Denny Island... or Shearwater
The campsite challenge game adds anxiety to each and every day. Many of the sites do not work at high, high tide and the full moon was upon us as we made our way to Shearwater. Nothing worse than being tired after a long day and finding out your planned site just won't work... paddle on... not knowing if the next site will be any better.
The last site just 8 miles before Shearwater required my Leatherman and some serious vegetation modifications to set the tent up above high tide. Why does it rain when you have the crapy camp site? No worries , we broke out the Frisbee for some beach time agility training.
Shearwater was early the next morning as we glided by Old and new Bella Bella with some tidal help. And for the first time ever I turned to channel 66A and hailed the harbormaster about "docking" our kayaks.
They allowed us to pull them up on dock and park them there... cool! This became our staging area for the next two days... a very short walk from our hotel and all the facilities.
As we checked in with the Harbor Master, Jim and Lynda were checking in Albedos and soon we'd accepted an invitation for drinks on their yacht and dinner at the local eatery... the only restaurant at Shearwater.
Lauri and I had one simultaneous thought... Laundry! Shower... must smell reasonable....
Shower, check, laundry, check. Late lunch, check. We must pre eat, before dinner, so we don't embarrass ourselves with the quantity of food we order if we don't pre-eat.
The next action item was to determine when the box (charts primarily)being sent to us would arrive. We had landed several days early due to the water taxi and mail to Shearwater is notoriously slow.
Alternatively, we looked into buying the charts and supplies we needed to see if that was even an option.
The Marine store was out of every chart needed, but Monday the barge was coming and charts had been on order.
Nothing to worry about except how to coverup the campfire burns in my "only" pants I have on this trip. Good thing Shearwater is very casual.
Drinks and dinner went great with easy conversation with experienced maritime travelers. Jim and Lynda have logged over 35k miles up and down the left coast. Jim was able to answer all my inane questions about the area and piloting a "big" boy boat on the Inside Passage.
As it turned out we successfully found the charts as the marine store was inventorying their latest barge re supply. Luck was with us, but they only had 250,000 scale chart for most of our route to Prince Rupert. Lots of area covered, but VERY little detail.
The office above the store let us slice, dice and laminate the charts... so in a few hours on Monday afternoon we were ready to depart.
Only one thing left, go see Jim's drone video of our departure at Fury Island and get a tour of Albedos. All I can say is wow... what a boat. Built for serious ocean travel in the height of comfort. The color screen lifted out of the back of the dinning sitting area and soon we were enjoying the unique perspective that only a drone can provide.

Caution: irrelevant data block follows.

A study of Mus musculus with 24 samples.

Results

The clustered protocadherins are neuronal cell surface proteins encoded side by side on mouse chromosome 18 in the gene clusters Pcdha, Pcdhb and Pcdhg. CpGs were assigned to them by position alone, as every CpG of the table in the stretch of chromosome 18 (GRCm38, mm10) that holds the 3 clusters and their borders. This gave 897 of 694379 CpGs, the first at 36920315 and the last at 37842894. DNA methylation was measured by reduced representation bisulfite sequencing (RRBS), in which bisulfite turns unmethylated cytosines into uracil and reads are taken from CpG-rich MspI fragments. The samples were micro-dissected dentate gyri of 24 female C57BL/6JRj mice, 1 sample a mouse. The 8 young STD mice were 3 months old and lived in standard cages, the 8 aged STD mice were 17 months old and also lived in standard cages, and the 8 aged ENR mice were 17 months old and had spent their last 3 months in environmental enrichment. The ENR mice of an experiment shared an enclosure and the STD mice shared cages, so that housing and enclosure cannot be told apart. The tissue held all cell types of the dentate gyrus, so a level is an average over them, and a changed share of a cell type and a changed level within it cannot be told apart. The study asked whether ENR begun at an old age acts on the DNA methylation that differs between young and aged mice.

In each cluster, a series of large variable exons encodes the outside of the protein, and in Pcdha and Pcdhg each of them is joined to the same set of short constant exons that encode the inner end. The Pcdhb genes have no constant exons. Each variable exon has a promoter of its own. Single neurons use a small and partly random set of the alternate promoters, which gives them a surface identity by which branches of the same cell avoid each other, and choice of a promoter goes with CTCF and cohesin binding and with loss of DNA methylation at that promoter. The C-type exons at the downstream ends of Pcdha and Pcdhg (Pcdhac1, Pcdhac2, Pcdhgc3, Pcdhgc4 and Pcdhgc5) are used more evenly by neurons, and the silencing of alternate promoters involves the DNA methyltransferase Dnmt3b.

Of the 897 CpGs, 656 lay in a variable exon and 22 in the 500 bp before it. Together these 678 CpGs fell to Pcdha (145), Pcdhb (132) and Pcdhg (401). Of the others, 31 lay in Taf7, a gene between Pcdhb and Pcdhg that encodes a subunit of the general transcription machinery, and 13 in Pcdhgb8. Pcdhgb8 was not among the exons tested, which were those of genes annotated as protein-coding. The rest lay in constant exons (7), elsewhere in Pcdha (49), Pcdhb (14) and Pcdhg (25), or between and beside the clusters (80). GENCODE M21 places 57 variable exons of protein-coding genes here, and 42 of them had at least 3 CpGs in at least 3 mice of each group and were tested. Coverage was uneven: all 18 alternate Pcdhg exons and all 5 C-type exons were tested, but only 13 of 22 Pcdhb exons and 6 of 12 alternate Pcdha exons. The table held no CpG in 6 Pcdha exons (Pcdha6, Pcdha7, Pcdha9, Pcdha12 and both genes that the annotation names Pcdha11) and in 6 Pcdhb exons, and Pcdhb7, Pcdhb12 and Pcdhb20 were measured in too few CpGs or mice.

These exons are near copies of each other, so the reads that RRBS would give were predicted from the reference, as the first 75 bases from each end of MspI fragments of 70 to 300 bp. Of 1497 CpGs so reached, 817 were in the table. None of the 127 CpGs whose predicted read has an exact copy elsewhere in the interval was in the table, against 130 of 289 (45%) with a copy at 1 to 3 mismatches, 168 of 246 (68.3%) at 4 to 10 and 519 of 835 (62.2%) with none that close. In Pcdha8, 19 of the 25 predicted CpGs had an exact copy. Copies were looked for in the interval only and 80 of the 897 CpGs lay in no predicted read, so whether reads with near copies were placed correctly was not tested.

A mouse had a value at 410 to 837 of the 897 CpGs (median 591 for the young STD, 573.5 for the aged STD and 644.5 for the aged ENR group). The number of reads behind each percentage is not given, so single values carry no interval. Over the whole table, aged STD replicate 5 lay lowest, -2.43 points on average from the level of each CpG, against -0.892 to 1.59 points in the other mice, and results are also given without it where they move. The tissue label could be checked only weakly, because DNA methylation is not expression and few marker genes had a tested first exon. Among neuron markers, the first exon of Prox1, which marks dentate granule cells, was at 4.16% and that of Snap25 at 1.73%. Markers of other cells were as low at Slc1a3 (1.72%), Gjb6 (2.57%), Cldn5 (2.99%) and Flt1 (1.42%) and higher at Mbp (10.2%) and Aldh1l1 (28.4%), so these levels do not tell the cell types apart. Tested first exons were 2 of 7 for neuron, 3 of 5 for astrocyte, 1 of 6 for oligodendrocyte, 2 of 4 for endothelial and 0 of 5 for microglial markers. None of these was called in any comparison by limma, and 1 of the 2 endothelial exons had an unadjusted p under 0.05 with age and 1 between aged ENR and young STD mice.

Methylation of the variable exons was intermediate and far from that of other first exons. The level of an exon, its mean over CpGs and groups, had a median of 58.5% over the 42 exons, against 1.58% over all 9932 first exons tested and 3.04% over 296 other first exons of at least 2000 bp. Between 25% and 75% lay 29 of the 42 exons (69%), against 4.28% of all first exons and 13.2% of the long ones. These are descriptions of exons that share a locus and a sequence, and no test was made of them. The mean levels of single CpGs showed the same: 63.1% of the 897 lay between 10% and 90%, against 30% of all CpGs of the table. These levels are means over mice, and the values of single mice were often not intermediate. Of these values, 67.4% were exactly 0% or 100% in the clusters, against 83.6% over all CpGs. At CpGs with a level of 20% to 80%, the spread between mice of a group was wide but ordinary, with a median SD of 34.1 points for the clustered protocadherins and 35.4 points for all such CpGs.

We said our good byes and agreed we'd look for each other at Prince Rupert.
We were just getting the boats ready to slide off the Shearwater dock as Albedos left her slip at 6AM. The early bird misses the wind... hopefully.
The short paddle on Sunday to Shearwater and the hectic Monday in Port still had us ready to paddle early on Tuesday. We got to our destination, Roar island, drama free, but decided to press on Dowager Island to shorten the following very long day. Sigh... then the rains came.
The island campsite off the SW tip of Dowager was not easily found, but we eventually found the hidden gem. The rain tarp came out and was was quickly becoming our favorite piece of gear. I had also purchased an additional tarp in Shearwater and we put that to use too. No mater how hard we tried almost everything had serious moisture content.
The following day we would experience the Inside passage as frequently described. Wet, check. Ocean swell, check. Fog... double check. It seemed to be lifting as we left our camp site heading north towards Keith Pt. on Dowager. This would give us the shortest crossing to Swindle Island crossing the transition from Milbanke Sound to Finlayson Channel... hah! It was a pretty short crossing and wind and the ocean swell wrapping around Price island was pushing us fast. About 10 min in to the planned 50 min crossing the visibility dropped so that we could just see about 3 miles. The destination was visible, but to be safe Lauri and I went to an exercise pace to shorten up the time in the channel. 10 min later the fog obscures everything. Paddling in a fogged whiteout, with 3-4 ft refracting waves now bouncing off our destination island. Let's just say I'm out of the running for husband of the year.
The crossing was well within our skills, but was all new to us and likely not an experience we will seek out again. I should not have admitted that I thought it was a cool experience. The afternoon was saved by a Momma Humpback teaching tail flip tricks to her offspring. Whale saves marriage.